An excerpt from Beyond Expectations: Second-Generation Nigerians in the United States and Britain
Idowu Damola grew up in a poor family in a very bad neighborhood in a large New Jersey City. He recalls walking along the glass-strewn block where he lived, “with people yelling and screaming and fighting. It was a pretty run down place.” His big break came when he won a full scholarship to an elite all-boys prep school in Connecticut. After he graduated, Idowu went on to study business and finance at Yale University, one of the top twenty-five universities in the United States. At the time I spoke with him, Idowu had just started working as an investment broker on Wall Street. To get there, he had taken advantage of affirmative action opportunities available to black people in the United States. His progression from a “run down” street in urban New Jersey to a coveted white collar job on Wall Street is an American success story, a story that exemplifies the promise many immigrants see in America.
Idowu acknowledges that he has benefited from being black in America, but he does not identify as African American—even though he is of African ancestry. To him, being black does not mean the same thing as being African American. He sees African immigrants, both the first and the second generation, as psychically and culturally different from African Americans. He says, “African Americans by and large in this country have had a very distinct experience, socially and culturally, and for whatever reason that experience [of slavery, Jim Crow] has become a sort of a chain, a weight to many African-American individuals. They have a lot of problems that maybe are caused by external forces acting on them. But, you know, by and large it is also their fault in the immediate sense, but it might not necessarily be their fault when you take a cultural or social historical look at it. But I am just not associated with that. Those chains that are weighing them down don’t weigh me down.”
He says, “I am obviously not a white American. I don’t feel that I am an African American. I don’t feel that I have strong cultural ties to that group, and I don’t really, can’t identify with them.” He identifies as Nigerian, but acknowledges that he is an ethnic hybrid, saying “I can’t even claim to be a real Nigerian. I don’t know enough. I don’t appreciate enough about being Nigerian because, look, it isn’t really my stuff.” He is caught in between, a feeling shared by many of the second generation of Nigerian ancestry, especially those who were born in their parents’ host country and who have not lived outside it except for brief vacations. Idowu concludes his commentary on his identity by saying “I think of myself as a beast of no nation.”
Michelle Anoke is a barrister, a highly coveted profession in Britain. She was born and has lived in Britain all her life. She is married to a first-generation Nigerian and has two children. I interviewed her in her home in an upper middle class neighborhood in London. Michelle was raised by a single mom whose finances were devastated after divorcing Michelle’s wealthy father. She was forced to remove Michelle and her sister from the private elementary school they were attending and place them in the local comprehensive, which, according to Michelle, was “okay, not bad and not great.” In school and in her neighborhood, Michelle had a “rough time” getting along with most of her Black-Caribbean peers. Growing up, she had attended a predominantly Caribbean school, and she quickly found “what seemed to be a very big difference between children who were of African parentage and Caribbean parentage” because “in the 1980’s, it was not fashionable to be of African extraction at all.” Africans were bullied by their Caribbean peers, and “the bullying took the form of name calling, lots of ‘you’re African,’ laughing at our hair – my mom used to do our hair in thread and they would laugh at us. I was called ‘spider head’ throughout my years in secondary school.”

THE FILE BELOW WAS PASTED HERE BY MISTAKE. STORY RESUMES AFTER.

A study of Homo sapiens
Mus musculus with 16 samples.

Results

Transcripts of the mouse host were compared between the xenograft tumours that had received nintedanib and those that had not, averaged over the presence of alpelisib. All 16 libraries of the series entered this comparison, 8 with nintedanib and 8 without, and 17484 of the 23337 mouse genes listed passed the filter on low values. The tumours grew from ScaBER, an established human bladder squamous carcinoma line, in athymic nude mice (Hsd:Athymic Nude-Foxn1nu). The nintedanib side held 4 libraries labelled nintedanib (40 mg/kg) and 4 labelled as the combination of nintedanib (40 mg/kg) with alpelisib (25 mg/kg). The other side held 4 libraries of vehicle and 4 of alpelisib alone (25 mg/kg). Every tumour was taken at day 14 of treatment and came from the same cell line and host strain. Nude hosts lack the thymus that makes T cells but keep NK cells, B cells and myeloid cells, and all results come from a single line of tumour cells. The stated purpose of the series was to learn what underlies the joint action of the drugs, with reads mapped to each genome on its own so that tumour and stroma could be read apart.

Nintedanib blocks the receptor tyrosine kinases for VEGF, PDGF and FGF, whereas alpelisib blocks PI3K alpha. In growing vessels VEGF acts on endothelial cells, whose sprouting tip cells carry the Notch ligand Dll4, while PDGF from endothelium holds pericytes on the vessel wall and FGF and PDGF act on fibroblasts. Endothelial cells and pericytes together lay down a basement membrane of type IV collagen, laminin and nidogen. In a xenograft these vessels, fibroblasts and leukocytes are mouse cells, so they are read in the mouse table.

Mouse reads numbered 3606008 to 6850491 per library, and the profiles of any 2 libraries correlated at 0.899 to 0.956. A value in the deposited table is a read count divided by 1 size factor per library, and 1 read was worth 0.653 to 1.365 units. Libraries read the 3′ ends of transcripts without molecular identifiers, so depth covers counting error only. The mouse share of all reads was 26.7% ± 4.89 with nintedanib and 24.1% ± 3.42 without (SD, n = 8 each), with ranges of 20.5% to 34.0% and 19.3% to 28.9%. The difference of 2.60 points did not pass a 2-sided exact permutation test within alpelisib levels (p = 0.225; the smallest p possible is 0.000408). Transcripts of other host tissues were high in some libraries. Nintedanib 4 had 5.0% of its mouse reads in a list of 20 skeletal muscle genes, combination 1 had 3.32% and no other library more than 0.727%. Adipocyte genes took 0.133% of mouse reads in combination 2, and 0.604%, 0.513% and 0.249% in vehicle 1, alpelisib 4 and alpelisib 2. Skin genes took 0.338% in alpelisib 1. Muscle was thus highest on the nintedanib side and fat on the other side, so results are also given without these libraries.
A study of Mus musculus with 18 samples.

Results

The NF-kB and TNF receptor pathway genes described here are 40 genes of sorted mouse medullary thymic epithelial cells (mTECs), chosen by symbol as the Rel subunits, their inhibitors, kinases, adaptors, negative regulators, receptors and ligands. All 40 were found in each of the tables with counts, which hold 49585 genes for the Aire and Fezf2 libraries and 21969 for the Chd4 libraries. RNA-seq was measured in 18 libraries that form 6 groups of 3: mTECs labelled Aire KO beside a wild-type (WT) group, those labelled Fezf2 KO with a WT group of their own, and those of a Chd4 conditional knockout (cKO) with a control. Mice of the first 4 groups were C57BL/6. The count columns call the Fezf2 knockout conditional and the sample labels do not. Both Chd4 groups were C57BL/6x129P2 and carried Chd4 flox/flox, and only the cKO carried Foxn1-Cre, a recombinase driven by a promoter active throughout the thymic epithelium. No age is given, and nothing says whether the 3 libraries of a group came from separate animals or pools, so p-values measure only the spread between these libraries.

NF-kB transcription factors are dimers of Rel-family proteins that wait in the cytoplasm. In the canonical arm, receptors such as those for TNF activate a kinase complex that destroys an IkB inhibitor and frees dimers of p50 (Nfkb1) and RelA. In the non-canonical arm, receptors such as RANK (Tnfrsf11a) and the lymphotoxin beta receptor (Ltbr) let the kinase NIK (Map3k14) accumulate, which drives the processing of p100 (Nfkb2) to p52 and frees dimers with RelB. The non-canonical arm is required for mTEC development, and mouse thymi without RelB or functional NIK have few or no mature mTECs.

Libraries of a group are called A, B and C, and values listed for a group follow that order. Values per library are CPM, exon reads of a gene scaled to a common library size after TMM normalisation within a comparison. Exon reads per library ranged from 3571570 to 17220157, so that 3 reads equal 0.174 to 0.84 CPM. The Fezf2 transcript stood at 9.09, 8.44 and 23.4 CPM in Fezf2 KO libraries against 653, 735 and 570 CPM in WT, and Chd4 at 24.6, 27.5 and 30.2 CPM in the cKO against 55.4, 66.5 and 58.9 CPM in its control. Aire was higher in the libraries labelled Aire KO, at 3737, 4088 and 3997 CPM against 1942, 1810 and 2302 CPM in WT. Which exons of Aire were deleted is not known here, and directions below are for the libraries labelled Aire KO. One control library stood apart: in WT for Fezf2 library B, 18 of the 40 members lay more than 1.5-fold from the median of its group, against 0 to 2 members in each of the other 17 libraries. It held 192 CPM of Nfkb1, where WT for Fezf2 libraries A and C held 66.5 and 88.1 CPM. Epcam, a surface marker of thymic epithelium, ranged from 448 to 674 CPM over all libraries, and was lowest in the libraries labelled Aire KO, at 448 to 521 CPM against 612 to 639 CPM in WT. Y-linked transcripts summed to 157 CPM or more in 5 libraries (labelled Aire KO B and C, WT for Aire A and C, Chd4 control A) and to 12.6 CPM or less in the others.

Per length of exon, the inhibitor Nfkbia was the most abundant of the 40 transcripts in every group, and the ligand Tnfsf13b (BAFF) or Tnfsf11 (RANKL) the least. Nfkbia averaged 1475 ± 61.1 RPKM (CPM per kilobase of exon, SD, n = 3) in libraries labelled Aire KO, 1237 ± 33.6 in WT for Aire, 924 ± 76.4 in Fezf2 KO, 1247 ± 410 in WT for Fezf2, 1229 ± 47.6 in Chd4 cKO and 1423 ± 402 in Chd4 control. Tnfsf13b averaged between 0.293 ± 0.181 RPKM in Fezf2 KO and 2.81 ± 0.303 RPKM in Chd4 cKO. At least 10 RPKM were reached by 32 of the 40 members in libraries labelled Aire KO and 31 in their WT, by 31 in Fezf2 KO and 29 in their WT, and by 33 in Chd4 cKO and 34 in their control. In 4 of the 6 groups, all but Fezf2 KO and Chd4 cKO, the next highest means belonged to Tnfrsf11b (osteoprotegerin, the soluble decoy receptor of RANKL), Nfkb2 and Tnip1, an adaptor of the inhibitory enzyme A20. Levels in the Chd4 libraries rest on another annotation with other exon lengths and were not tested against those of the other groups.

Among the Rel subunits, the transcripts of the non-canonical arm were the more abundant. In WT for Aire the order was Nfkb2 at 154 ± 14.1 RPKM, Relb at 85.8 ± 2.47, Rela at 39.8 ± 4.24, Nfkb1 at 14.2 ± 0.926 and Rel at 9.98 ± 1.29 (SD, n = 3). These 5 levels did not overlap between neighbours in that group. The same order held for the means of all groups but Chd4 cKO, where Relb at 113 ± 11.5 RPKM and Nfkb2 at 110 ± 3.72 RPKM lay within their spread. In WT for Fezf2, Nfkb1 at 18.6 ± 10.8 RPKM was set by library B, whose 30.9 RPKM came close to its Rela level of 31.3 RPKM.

Michelle sees discrimination as something black people face in Britain every day. Her experiences of discrimination were not confined to school, nor were Caribbeans the only people to treat her as a second-class citizen. “It doesn’t surprise me. It doesn’t particularly disappoint me [to be discriminated against] because I have a low expectation in terms of what I’m going to be given by white people. I don’t expect anything. I don’t even expect, on a day to day basis, a ‘hello’ because English people are notorious for saying hello, having a chat with you one day, and the next day, they don’t know you.” Partly as a result of this, Michelle does not identify as British. “‘Black British’ was not a phrase used in my house because you’re not British. So, I don’t ever consider myself to be Black British. I tell people I am a British-born Nigerian.”
Focusing on questions of identity, Beyond Expectations examines the nature of second generation Nigerians incorporation in the United States and Britain. Up until this book, we knew relatively little about the nature of second generation African adults incorporation into British and American society because second generation assimilation theories and most existing research on the black second generation have focused on the Caribbean second generation. Furthermore, none of these studies fully explicated the processes and mechanisms that impact identity formation among second generation blacks from highly selective immigrant populations. This book does this. The key objective of this book is to understand how, in combination, race, ethnicity, and class (both parental and individual) affect the identity formation process and assimilation trajectories of the adult second generation of Nigerian ancestry in the United States and Britain.